Riding the bike-sharing craze in Malaysia
bike-sharing

Both Mobike and Ofo are cycling towards exciting times

By LYDIA NATHAN / Pic By AFIF ABD HALIM

There are two things you will likely not forget — your first love, and how to ride a bike. It stays with you. Some of us still have the scars from those nasty falls.

So, the idea of putting bikes at public places for rent is not too much of an alien concept. Most of us have pedalled these two-wheeled vehicles.

Today, the bike-sharing concept is already making waves in the country. While it may be new to many, the concept has been around since the 1970s.

In some countries, it is not just about renting bikes. In France, the country that gave birth to the bike- rent scheme in 1974, the bikes do more than help consumers to travel from one point to another. The electricity generated from these electric bikes when they are being pedalled, is sold to the national grid.

Worries of global warming, pollution and environmental issues are pedalling bike-sharing to prominence.

Over the last few months, a growing number of bike-share schemes have been introduced in Malaysia. Rising fuel prices, gridlock traffic and expensive parking charges make bike-sharing a viable alternative. More and more people are putting their feet to the pedal.

Mobike Malaysia country manager Sanjey Chandran said more people are enjoying riding the bicycles to get to their destination.

“People love it. It is evident in the number of rides completed daily across 180 cities. We have seen 30 million rides so far,” he told The Malaysian Reserve.

Mobike operates in more than 180 cities across China, Singapore, Malaysia, Thailand, Japan, Italy, the UK, and the US, with a fleet of over seven million smart Mobikes.

It was founded by Hu Weiwei, Davis Wang and Joe Xia in Beijing — one of the most polluted cosmopolitans in the world.

Their aims were to bring bikes into more cities, employ innovative technologies, make cycling convenient and reduce the pollution problems faced in major cities.

Launched in Malaysia on Sept 6, 2017, through a partnership with property developer SP Setia Bhd, the company is currently focusing on bike-sharing services for Setia Alam with 600 bikes and Cyberjaya (110 bikes).

As Simple as Riding Bikes

It is a simple concept, said Sanjey, and everyone should try it. Although the bikes may be the same, but the back- end technology is far from just a line or two of coding.

“Using innovation and technology, we built an Internet of Things-based intelligent bike-sharing plat- form that eliminates the hassles of bicycle ownership.

“Our advanced technology makes the ride experience incredibly convenient for consumers. They just scan a QR code and can immediately ride away.

“We leverage proprietary tracking and GPS technology embedded in the bikes to create a sophisticated and highly adaptable solution to the last-mile transport challenge,” said Sanjey.

Users only need to register with a one-time fully refundable deposit and they are off with the bike in their hands.

He said the bike-sharing concept has increased connectivity for the community, encouraged healthy living and ensured environmental sustainability.

As of August this year, Mobike users have collectively cycled 5.6 billion kilometres. That is equivalent to 509,000 rounds across the face of the moon, or the distance from Earth to Pluto.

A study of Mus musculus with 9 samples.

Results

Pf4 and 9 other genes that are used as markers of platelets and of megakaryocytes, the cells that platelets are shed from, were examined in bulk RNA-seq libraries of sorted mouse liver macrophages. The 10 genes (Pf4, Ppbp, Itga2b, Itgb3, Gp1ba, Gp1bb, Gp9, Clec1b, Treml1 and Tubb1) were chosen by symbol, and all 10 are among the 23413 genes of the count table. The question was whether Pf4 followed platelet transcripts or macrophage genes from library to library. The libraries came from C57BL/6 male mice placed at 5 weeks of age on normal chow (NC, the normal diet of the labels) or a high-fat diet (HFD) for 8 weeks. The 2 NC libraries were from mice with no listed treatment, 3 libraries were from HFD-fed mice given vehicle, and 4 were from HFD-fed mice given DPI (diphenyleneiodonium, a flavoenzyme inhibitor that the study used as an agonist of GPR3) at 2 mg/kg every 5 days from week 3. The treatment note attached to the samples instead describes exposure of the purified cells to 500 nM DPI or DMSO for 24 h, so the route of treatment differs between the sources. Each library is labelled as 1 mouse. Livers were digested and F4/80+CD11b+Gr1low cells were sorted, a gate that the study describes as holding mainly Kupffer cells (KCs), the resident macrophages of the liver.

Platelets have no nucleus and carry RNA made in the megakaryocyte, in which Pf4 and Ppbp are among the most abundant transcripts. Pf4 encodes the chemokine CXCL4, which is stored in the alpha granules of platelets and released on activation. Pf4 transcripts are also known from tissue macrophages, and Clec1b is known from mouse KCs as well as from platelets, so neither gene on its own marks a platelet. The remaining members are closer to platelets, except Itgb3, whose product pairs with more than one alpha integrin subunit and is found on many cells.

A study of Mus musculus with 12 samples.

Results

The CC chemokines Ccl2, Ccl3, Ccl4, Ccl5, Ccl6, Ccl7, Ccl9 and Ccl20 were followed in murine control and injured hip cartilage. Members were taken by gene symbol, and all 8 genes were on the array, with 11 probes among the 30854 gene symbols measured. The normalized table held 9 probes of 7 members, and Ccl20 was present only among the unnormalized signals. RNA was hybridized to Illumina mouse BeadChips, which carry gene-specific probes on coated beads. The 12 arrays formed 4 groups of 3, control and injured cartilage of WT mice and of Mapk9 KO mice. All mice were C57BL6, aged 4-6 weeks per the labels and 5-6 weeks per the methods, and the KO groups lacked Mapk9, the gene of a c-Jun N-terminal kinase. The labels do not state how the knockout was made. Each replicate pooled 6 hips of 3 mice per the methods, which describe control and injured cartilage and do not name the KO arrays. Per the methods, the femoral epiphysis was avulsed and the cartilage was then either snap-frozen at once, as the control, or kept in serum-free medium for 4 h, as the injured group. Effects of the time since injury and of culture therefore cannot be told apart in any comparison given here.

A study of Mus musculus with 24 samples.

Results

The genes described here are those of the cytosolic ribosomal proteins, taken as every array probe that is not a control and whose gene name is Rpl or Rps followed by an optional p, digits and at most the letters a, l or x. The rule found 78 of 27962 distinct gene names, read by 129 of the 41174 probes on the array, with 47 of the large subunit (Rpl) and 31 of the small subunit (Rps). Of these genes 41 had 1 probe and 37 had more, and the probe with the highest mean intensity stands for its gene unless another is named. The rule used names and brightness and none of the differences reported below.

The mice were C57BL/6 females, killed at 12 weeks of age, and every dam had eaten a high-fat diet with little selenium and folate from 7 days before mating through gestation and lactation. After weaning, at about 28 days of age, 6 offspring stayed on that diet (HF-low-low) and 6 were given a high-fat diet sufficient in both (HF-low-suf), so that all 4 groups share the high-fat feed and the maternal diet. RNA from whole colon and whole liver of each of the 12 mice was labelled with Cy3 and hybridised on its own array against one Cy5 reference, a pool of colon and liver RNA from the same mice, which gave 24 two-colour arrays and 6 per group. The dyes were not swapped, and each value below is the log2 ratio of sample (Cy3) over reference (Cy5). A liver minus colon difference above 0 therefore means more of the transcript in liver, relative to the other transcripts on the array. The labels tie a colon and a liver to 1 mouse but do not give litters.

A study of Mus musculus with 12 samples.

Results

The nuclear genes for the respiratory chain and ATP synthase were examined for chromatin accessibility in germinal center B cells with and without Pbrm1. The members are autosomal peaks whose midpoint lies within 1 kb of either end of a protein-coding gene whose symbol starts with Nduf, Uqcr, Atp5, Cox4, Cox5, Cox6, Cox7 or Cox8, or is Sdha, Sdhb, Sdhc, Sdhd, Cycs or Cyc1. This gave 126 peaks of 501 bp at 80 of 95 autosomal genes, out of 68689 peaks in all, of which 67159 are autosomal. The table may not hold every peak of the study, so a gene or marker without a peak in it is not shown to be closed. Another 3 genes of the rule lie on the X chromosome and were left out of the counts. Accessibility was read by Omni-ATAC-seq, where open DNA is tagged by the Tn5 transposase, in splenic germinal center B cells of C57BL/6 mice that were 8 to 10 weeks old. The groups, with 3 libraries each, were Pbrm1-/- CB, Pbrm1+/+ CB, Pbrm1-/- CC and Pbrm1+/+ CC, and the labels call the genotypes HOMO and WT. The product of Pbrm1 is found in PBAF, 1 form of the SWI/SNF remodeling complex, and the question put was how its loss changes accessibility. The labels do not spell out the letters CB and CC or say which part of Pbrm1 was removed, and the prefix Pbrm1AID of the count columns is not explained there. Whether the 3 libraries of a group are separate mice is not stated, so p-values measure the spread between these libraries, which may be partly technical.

“This distant is equivalent to reducing more than 1.26 million tonnes of carbon dioxide emissions, or taking 350,000 cars off the road for a year based on calculations by World Wildlife Fund China,” he said.

Ofo, which started off in Melaka in August 2017, is a Beijing-born idea. Since it was founded in 2014, the company has expanded into 15 countries including Malaysia.

A spokesperson for Ofo said this service is a convenient, affordable and low-carbon way to travel.

The service improves the urban transport environment by reducing traffic congestion, saving energy and promoting better living.

The positive response received by the company had prompted it to expand into the country’s administrative capital of Putrajaya at the end of August this year.

“We have deployed about 500 bicycles and have set up about five points for parking places. In Putrajaya, we have about 300 bicycles and are currently working with the government to set up parking places,” Ofo said.

Ofo’s service works in a somewhat similar way to a ride-sharing app, where one can download the app and put in credit card details, while looking for the nearest location a bicycle may be parked at.

Getting the Authorities on Board

There is little denying how such a bike-sharing concept can improve future living. But companies like Mobike and Ofo, like any business venture, require local approval.

Recent reports that the bike-sharing companies had not received the required approval has kicked a dent to the concept.

“In Malaysia, we entered Cyberjaya with the support of the Sepang Municipal Council and Cyberview Sdn Bhd, a government-owned company.

“We also partnered with Malaysian businesses like SP Setia, a highly regarded Malaysian real estate developer, and MasterCard Malaysia,” Sanjey said.

Moreover, Ofo is working closely with the local councils and the government.

Both Mobike and Ofo are cycling towards exciting times. Consumers around the world are seeing the bene- fits of this service.

“We are on track to be in more than 200 cities around the world by 2018. We believe that the growth of the global bike-sharing market shows how people are eager to embrace cycling as a convenient, flexible, and affordable first- and last-mile travel solution,” he said.

Ofo said it will continue to remain sustainable as long as they hit the right number of rides per bicycle.

The bike-sharing services are expected to be a prominent feature in the country’s landscape.